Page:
Drove to the boat thinking about a new gig writing short articles for a website. Sounds like fun but it's real work and not much boat money. Even if I worked all day pumping out articles, I'd starve. I guess that's why some activities are called gigs instead of work. Here's my first article.
Anyway, having recovered from my Berlin cold and the consequent laziness bug, I got to the boat ready to strike something off my bucket list. Walking down the pontoon in long purposeful strides I noticed that Nigel the unlucky sailor had finally left for England where he plans to sell his Bowman yawl which is already listed on yachtworld.
During Nigel's 18-month stay in Peniche he had the boat hauled out at the shipyard where the yard's highly professional workers ironed out some bugs. These guys build and repair huge and small ships and anything in between, so his boat should be in fine shape.
...as I was saying, at the boat I ran the engine in gear for a while, shut it down and then changed the oil and filter. Hardly spilled any oil this time.
|Used the bag-over-the-filter trick to remove the filter with only a few spilled drops.|
|My highly complex oil removal kit. Cut the top part of a 5 liter water bottle, tie two garbage bags to it, slip it under the engine and unscrew the drain plug. Obviously you need a certain amount of space under the engine for it to work.|
What I like about this oil-change method is that it removes practically all the old oil. I know it because even after running the engine for quite a while it remains nice and clean.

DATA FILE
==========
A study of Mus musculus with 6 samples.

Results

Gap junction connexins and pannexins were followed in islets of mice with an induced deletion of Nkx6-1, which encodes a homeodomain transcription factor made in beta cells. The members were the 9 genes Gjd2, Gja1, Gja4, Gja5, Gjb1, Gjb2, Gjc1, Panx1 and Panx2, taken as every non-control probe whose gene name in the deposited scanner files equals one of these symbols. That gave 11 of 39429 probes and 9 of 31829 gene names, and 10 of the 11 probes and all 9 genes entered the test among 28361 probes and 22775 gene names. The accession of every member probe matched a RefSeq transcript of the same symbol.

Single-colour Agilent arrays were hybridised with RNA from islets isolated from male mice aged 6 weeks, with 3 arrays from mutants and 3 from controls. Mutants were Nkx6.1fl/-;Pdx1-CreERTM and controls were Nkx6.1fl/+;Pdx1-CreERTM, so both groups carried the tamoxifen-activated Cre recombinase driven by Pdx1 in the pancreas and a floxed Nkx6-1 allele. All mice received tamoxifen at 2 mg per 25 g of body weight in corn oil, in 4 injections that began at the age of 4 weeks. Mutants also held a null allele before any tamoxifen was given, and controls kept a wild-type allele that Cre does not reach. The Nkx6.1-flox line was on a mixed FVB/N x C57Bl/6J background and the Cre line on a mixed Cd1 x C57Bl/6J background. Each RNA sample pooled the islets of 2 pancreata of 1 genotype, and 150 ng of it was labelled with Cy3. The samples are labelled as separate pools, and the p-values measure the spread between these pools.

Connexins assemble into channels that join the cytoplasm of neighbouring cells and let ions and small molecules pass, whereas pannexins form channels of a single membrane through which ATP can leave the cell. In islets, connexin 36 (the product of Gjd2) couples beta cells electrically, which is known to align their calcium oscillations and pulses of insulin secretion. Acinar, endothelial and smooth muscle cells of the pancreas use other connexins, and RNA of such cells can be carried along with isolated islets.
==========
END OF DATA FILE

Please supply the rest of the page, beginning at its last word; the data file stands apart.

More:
After lunch I attacked a big winch.
|No way any parts were going to fall in the water with this big bucket over the winch base.|
|All the bearings in the order I removed them so I don't forget the sequence. If I screw up, I'll know it when I open the other big Barlow 28.|
I had a hard time removing the plate holding the sprockets in place. Lot's of WD-40, a screwdriver and some tapping with a hammer got the job done.
Each gear has two pawls. The spring on one pawl was in need of some Viagra. I tried fixing it with pliers, without much success. As I fitted it one last time to the pawl, the damn thing went "ping" and disappeared. Ain't that a bitch - it didn't have enough thrust to erect the pawl but it had the balls to fly out of sight, sneaky bastard.
Luckily I have the springs from the failed Barlow 24 that are the same size. Next time I'm going to fit the springs and pawls inside a clear plastic bag. I cleaned the winch parts with old outboard engine gasoline but didn't have time to reassemble it. It won't be long before I'm sailing instead of playing with springs.